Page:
MANHATTAN (CN) - Cooper Union, which hosted the speech accredited for propelling Abraham Lincoln to the presidency, is violating its promise of free tuition by charging students for admission, The Committee to Save Cooper Union claims in court.
The committee sued the Board of Trustees of the Cooper Union in New York County Supreme Court. It wants the court to block the arts college's plan to charge tuition next year, and asked for an investigation of how the board handled finances.
The committee - comprised of faculty, students and alumni - filed the lawsuit a year after the Cooper Union for the Advancement of Science and Art announced plans to charge tuition, dismantling a cornerstone of the school's no-tuition policy.
Peter Cooper, an inventor, industrialist and philanthropist who made his fortune from real estate, iron and steel, railroads and telecommunication, founded the school in 1859 with a commitment to free education that was written in the school's deed of trust and charter.
"With the cornerstone of free tuition, the Cooper Union fulfilled Peter Cooper's vision for 155 years - until now," the lawsuit states.
The board of trustees voted in April 2013 to charge tuition for the upcoming year: $19,500 to students entering in the fall of 2014.
The board invoked "economic necessity as a defense" for the tuition policy change. The committee says that defense is "misleading" because "the school could have survived without charging tuition."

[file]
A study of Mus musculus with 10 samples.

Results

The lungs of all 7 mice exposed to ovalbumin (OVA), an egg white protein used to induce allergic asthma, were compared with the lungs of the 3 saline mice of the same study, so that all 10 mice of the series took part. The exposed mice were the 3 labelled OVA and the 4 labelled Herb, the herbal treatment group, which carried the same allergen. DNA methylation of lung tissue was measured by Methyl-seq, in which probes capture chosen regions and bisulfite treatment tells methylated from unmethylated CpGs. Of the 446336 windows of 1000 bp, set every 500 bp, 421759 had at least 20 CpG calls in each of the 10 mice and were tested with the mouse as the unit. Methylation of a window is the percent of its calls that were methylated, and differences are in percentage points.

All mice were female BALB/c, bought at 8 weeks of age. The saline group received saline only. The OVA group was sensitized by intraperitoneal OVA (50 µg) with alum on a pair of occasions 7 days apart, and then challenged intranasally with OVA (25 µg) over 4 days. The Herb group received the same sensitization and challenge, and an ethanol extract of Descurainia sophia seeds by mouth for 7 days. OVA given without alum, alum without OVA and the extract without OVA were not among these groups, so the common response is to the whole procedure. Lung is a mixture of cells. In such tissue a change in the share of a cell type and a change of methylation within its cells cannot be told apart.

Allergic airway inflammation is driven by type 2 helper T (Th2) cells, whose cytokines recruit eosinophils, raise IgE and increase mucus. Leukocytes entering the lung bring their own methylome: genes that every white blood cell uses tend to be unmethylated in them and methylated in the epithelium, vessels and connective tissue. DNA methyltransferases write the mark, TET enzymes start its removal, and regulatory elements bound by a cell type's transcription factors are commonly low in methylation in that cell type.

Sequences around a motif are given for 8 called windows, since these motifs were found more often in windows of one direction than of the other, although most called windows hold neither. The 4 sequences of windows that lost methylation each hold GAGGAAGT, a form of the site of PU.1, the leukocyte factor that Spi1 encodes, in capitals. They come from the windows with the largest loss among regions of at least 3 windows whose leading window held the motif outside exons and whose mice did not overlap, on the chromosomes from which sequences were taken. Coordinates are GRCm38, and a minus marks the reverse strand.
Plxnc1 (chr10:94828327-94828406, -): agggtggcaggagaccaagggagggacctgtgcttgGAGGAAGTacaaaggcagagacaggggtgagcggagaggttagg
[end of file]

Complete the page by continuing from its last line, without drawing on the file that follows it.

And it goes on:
Trustees rejected two plans to solve the budget shortfall without imposing tuition, according to the 39-page complaint.
Among its many charges, the committee claims that trustees built an "extravagant new academic building that the school could not afford," then "compounded the impact of this mistake by squandering the endowment through investments in risky hedge funds, questionable real estate transactions and improvident increase in debt."
"Moreover, once it decided to charge tuition, the board not only failed to respond to the many legitimate questions raised by the public, it embarked on a series of divisive, destructive and costly actions which have seriously tarnished The Cooper Union's image," the lawsuit states.
The plaintiffs are represented by Richard Emery, with Emery Celli Brinckerhoff & Abady.
Lincoln delivered his Cooper Union address on Fen. 27, 1860. In it, he opposed slavery in the rapidly expanding Western territories. Many historians claim the speech helped make Lincoln president.